In most cases, a class action plaintiff tees up the issue of class certification by filing a motion with the court. May a defendant raise this issue first by filing its own motion to deny class certification?
In Vinole v. Countrywide Home Loans, Inc., 571 F.3d 935 (9th Cir. 2009), the Ninth Circuit ruled that class action defendants may raise the issue of class certification “preemptively”— that is, before a plaintiff moves for class certification.
In Vinole, the defendants filed a motion to deny certification before the discovery cut-off and before pretrial motions were due. In response, the plaintiffs argued that “preemptive” motions to deny certification are always procedurally improper. They also claimed that it would be unfair for the court to rule on certification before the close of discovery because they were not able to present the issue to the court based on a full record. Believing that they were entitled to raise the issue of certification themselves, the plaintiffs did not respond fully to defendants’ arguments. Instead, they filed declarations with the court that “previewed” the evidence that they planned to use to support their own certification motion.
The court rejected the plaintiffs’ argument that the defendants’ motion was procedurally improper, ruling instead that no rule prevented a defendant from filing a preemptive motion to deny certification. It also ruled that the plaintiffs had plenty of time (some eight months) to conduct discovery before the certification issue was resolved, even though discovery had not yet concluded. The court then granted the defendant’s motion and denied certification.
On appeal, the Ninth Circuit Court of Appeals affirmed the district court’s ruling, emphasizing that class action plaintiffs do not have “complete control of the timing” of the district court’s certification decision. The Ninth Circuit also rejected the plaintiffs’ argument that defendants’ motion was filed prematurely, ruling that plaintiffs had not shown that they were prejudiced by the timing of the motion.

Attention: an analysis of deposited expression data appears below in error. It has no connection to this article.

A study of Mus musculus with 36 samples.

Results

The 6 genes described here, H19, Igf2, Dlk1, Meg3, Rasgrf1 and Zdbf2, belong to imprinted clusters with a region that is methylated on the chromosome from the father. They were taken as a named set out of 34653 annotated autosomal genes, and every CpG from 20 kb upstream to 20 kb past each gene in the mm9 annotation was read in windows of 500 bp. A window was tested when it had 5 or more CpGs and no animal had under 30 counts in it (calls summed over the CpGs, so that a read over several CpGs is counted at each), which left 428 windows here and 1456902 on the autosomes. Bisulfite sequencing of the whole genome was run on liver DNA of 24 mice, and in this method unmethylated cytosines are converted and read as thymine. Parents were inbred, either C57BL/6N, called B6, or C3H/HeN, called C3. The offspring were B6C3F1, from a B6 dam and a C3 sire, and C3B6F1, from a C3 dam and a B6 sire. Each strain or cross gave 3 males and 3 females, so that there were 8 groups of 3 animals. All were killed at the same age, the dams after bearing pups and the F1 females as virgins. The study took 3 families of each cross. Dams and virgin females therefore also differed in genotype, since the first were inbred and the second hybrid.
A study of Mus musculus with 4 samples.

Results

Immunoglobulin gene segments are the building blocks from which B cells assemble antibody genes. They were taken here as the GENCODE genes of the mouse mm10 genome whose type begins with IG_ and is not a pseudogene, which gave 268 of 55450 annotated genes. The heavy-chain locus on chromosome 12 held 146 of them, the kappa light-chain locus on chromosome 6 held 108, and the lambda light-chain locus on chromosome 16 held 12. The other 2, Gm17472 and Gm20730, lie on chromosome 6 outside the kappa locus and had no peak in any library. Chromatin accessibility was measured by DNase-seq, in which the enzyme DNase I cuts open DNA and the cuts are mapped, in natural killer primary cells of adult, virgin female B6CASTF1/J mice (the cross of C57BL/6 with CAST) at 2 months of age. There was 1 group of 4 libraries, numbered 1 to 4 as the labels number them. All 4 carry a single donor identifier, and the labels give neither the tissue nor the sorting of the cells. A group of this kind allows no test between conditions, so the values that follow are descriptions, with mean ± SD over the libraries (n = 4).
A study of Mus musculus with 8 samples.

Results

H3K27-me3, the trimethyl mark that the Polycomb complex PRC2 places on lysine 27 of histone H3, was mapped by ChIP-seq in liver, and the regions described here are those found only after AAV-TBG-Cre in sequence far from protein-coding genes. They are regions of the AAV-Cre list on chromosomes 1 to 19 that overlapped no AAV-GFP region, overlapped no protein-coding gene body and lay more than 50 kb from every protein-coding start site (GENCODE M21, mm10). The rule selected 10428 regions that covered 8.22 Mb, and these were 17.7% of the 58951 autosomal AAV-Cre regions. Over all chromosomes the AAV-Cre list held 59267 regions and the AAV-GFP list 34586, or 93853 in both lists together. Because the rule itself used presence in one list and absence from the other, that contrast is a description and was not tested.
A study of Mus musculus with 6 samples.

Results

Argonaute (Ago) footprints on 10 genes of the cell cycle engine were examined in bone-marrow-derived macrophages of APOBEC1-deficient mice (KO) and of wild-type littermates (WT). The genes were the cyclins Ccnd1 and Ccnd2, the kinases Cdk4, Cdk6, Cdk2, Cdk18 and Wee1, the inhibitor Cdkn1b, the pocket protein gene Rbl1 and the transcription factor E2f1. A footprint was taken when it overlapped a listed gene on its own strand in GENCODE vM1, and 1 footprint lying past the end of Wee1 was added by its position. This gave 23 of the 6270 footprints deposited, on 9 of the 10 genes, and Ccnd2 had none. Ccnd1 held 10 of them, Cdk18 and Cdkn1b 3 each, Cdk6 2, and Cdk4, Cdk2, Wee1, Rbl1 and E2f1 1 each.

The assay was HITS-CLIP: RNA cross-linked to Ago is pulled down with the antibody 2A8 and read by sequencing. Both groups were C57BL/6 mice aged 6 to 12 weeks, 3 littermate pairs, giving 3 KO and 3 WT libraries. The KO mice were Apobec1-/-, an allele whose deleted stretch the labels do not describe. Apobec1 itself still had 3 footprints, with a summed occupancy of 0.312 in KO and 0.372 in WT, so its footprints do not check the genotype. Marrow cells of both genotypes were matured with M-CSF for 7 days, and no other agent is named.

How early may a defendant move for denial of class certification? Ordinarily, courts will permit the parties to conduct discovery on the issue of certification. Under the right circumstances, however, a defendant may successfully obtain an order denying certification early in the case. Indeed, concluding that plaintiffs could not meet the certification requirement of Rule 23 as a matter of law, a district court recently granted a defendant’s motion for denial of class certification before any discovery had taken place. Picus v. Wal-Mart Stores, Inc., 256 F.R.D. 651 (D. Nev. 2009).
In sum, it is now clear that Ninth Circuit class action defendants need not wait for plaintiffs to move for certification. By filing preemptive motions for denial of certification, defendants may gain a strategic advantage by framing the certification issues on their own terms and by choosing when this key issue is presented to the court.
This Client Alert has been prepared by Lewis and Roca LLP for informational purposes only and is not legal advice. Readers should seek professional legal advice on matters involving these issues.